The holidays will be here in a flash, and for plenty of people, that means it’s time to rush to retailers to cram in some last minute shopping. But shoppers aren’t the only ones paying attention to sales right now.
The holiday season – when sales and credit card transactions are at their peak – attracts hackers looking to slip in and steal the financial data flooding businesses at this time of year. In fact, Bebe Stores was one of the first holiday hacks so far. You may remember that the Target data breach happened on December 19, 2013.
If you’re a small-business owner, it can be tempting to look at these big retail breaches and think, “That won’t happen to me.” But you are equally lucrative targets, as far as cyber crooks are concerned. On average, small businesses have less security measures to prevent a breach. With enough easy-to-hit targets, a cyber criminal need not waste time breaking through the sophisticated security systems of big-box competitors. For more on that, read “'No Business Too Small' to Be Hacked, Says Security Expert.”
Small businesses are also less likely to recover from a data breach than larger businesses because they have fewer resources and employees to handle the aftermath. But that doesn’t mean you’re without recourse. You simply need to take the plunge and finally invest in Cyber Liability Insurance – a necessity for small businesses operating in the digital age.
Cyber Liability Insurance for Small Businesses: What You Need to Know
If you’re thumbing through your Property Insurance or General Liability Insurance policy right now and waving its "digital property" coverage like burning sage against evil, data-breachy spirits, we’ve got some bad news. This kind of coverage usually does NOT include data breaches. (For an example of the havoc that confusion can cause, read the post, “P.F. Chang's Lawsuit Could Affect Your Cyber Liability Coverage.”) It may cover the equipment that houses data or modest payouts for the loss of certain digital documents.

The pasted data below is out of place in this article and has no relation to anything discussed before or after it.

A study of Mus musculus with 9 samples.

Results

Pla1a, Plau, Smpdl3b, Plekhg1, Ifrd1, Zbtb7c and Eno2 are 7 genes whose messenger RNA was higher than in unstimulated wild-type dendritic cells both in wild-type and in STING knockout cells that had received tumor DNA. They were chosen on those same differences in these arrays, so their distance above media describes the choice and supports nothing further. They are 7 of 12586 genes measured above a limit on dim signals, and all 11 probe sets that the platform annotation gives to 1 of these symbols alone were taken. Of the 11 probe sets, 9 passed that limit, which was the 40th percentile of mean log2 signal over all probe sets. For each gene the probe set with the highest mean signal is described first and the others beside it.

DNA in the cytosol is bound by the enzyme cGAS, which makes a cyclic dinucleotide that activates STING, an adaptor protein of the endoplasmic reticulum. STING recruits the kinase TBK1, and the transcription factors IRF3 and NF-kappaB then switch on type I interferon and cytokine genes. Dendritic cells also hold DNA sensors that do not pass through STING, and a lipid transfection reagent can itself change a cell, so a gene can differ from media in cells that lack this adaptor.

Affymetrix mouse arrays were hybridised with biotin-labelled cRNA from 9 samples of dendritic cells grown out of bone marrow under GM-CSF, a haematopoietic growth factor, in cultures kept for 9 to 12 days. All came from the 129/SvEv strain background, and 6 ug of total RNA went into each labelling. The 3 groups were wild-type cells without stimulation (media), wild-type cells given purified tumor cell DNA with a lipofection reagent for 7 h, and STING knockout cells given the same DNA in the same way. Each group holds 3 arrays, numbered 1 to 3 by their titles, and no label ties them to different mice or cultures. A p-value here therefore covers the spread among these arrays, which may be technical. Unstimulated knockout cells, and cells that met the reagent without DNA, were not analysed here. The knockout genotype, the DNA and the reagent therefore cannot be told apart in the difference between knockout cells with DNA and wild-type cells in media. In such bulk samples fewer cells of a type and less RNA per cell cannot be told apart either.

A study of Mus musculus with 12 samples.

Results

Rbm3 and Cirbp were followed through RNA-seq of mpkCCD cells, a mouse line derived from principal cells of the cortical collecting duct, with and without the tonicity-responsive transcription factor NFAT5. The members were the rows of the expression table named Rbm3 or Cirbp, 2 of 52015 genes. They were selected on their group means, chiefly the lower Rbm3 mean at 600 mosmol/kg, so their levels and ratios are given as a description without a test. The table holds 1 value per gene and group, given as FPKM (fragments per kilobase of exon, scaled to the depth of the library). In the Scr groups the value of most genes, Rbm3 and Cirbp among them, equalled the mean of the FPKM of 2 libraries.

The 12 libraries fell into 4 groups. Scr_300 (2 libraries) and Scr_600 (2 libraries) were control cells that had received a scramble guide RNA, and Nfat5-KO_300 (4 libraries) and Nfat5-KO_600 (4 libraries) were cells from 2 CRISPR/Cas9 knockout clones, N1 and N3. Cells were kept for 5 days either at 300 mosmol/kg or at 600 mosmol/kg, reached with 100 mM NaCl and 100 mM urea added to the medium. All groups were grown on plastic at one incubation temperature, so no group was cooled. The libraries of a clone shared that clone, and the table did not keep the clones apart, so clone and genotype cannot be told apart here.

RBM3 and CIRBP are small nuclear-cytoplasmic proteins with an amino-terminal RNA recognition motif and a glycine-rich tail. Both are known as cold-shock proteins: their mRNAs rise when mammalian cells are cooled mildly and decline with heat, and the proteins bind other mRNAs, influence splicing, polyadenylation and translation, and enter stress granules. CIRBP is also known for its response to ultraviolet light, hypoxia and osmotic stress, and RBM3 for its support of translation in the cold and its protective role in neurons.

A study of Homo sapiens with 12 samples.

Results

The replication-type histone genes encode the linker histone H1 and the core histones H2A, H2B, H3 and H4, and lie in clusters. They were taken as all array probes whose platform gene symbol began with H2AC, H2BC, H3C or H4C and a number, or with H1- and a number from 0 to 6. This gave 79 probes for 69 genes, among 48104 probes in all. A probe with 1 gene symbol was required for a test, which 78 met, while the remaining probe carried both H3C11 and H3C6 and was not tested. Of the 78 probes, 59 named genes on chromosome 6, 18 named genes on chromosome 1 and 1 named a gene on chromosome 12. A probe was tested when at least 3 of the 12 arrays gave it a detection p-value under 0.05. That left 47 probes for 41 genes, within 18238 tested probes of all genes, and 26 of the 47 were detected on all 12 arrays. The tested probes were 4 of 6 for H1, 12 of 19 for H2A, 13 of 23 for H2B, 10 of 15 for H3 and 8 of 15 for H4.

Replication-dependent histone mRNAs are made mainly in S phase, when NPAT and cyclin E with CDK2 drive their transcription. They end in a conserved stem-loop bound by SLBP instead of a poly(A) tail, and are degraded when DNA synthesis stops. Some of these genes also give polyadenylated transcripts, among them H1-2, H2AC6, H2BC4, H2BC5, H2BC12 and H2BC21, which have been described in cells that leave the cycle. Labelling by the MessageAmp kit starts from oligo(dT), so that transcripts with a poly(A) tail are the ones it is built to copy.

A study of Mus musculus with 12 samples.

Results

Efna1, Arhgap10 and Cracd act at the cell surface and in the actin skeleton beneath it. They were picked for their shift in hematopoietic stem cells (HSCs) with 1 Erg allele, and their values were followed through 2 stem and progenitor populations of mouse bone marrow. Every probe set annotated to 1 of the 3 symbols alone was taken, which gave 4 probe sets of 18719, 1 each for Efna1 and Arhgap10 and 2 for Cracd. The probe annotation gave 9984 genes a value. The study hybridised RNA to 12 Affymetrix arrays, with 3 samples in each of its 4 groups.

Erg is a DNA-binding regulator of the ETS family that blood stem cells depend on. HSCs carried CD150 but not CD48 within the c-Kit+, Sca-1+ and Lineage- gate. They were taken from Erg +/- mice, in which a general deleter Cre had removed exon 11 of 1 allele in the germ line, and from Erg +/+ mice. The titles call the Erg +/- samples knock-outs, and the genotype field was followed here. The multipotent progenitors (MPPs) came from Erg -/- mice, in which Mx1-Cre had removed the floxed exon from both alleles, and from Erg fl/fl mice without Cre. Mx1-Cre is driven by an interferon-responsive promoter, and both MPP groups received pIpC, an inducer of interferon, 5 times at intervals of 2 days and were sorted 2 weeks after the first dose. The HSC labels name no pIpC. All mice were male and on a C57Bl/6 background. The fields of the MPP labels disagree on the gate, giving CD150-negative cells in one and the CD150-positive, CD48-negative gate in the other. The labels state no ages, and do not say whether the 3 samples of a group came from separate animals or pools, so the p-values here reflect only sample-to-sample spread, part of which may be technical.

But the risks were different back when those types of policies were written. In the current age of data breaches, a separate Cyber Liability Insurance is the only policy that covers data-breach expenses for client notification, credit-monitoring services, and cyber extortion.
As the market for Cyber Liability coverage grows, the policy is adapting to include more types of coverage. According to Advisen, some policies offer coverage for…
- Complying with state data breach laws. Did you know, according to most state laws, if your business suffers a data breach and your customers’ protected information is exposed, you are legally required to notify those affected? You can face fines if you don’t. (More on that in, “Small Business Faces $3,000 Fine for Data Breach.”) Depending on the size of the breach, you may have to provide credit-monitoring services for your customers, too. Good thing Cyber Liability Insurance can help pay for the credit-monitoring costs and fees for notifying all those people, which can easily exceed tens of thousands of dollars. Your provider may also give your business access to a dedicated call center so that customers can call in with their questions about the breach.
- Recovering devices. If a virus destroys your business's software or irreparably corrupts your computers, your policy may pay to restore or replace your equipment.
- Restoring your business’s image. A data breach can tarnish your business’s reputation and make customers nervous about trusting you with their sensitive information. That’s why Cyber Risk policies can usually pay for a public relations expert to help educate your clients about the breach and repair your credibility.
- Negotiating with cyber extortionists. If a hacker accesses your data and threatens to hit your business with a distributed denial of service (DDoS) attack if you don’t pay a ransom, your insurer may cover the associated expenses.
Also worth noting is that cyber criminals don’t have to steal figures and numbers from the cloud in order for the theft to be considered a data breach. Many Cyber Liability policies also cover breaches that involve paper records.
So say you run a healthcare business, and you have physical patient records that document names, addresses, Social Security numbers, and a host of other confidential information. A thief sneaks into your office one night and steals medical equipment and a hundreds of physical records. Your policy may cover the costs of notifying patients because the crook could use their health records to steal identities online.
As you can see, it pays to have Cyber Liability Insurance just in case. It’s a versatile policy that can protect your business in more ways than one when a breach transcends the headlines and finally becomes a reality for your business. All cyber policies are different, so it’s essential to talk to your agent about what your policy covers and excludes. To learn about ways to mitigate the damage of a breach, be sure to read, “One More Way Customers Can Sue You.”